November 02, 2007 16:58 IST
The Bangalore Police on Friday called for stringent security measures by organisations, whose employees work at odd hours, following a spate of late night crimes in the city. Many of these crimes were traced to drivers working with call centres in the city.
"Organisations should step up their security measures and ensure that their employees, who leave offices at odd hours or travel to work at wee hours, are dropped to their residences or offices safely," said Gopal Hosur, Joint Commissioner (Crime).
Over 100 crime cases registered in the city during the past one-and-a-half years had been traced to those who had been working with call centres or had been hired by agencies which provided transport services to various organisations, he said.
The targets of these culprits are often people who worked late at night and traveled at odd hours. They also targeted people who had arrived from outside the city and were looking for transport to be dropped back home, said Hosur.
Warning people against taking lifts from strangers, he said that vehicles should not be equipped with tinted glasses as it made checking them a very difficult process for the police.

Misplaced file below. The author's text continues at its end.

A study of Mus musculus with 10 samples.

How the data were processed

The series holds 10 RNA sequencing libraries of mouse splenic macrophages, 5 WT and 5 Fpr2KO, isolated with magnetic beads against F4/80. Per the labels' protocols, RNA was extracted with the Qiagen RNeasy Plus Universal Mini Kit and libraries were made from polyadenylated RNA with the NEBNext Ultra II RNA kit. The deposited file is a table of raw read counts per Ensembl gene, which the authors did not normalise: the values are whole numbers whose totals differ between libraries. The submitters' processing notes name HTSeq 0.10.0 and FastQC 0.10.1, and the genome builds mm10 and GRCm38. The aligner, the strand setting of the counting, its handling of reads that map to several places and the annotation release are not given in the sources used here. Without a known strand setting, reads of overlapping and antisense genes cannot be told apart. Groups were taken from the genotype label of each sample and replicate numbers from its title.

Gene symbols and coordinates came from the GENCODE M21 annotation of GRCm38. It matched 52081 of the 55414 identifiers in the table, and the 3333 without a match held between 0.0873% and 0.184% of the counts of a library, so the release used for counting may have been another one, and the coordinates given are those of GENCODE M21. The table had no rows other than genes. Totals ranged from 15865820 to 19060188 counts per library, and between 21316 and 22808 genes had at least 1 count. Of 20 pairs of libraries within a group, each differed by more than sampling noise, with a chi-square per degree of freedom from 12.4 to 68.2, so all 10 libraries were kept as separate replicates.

The burgeoning number of vehicles operating late at night, given the increase in call centres in the city, has made it difficult for the police.
"It is not possible to arrange a nakabandi everyday," Hosur added.
The police have also suggested that the public transport system should be strengthened to tackle the problem of employees leaving office at odd hours. Calling for an increase in the number of buses plying late at night, police said that if the number of public transport buses were increased, it would ensure better safety for the employees.
The joint commissioner also asked the transport agencies and organisations to verify the antecedents of drivers employed by them or hired by them.
"However, sometimes it is difficult because several of them are first time offenders and hence there are no police records to go by," he said. However, a better scrutiny during the recruitment process could help ensure higher safety, said Hosur.
Organisations should also verify the background of the transport agencies from where these vehicles or drivers were being hired, police said.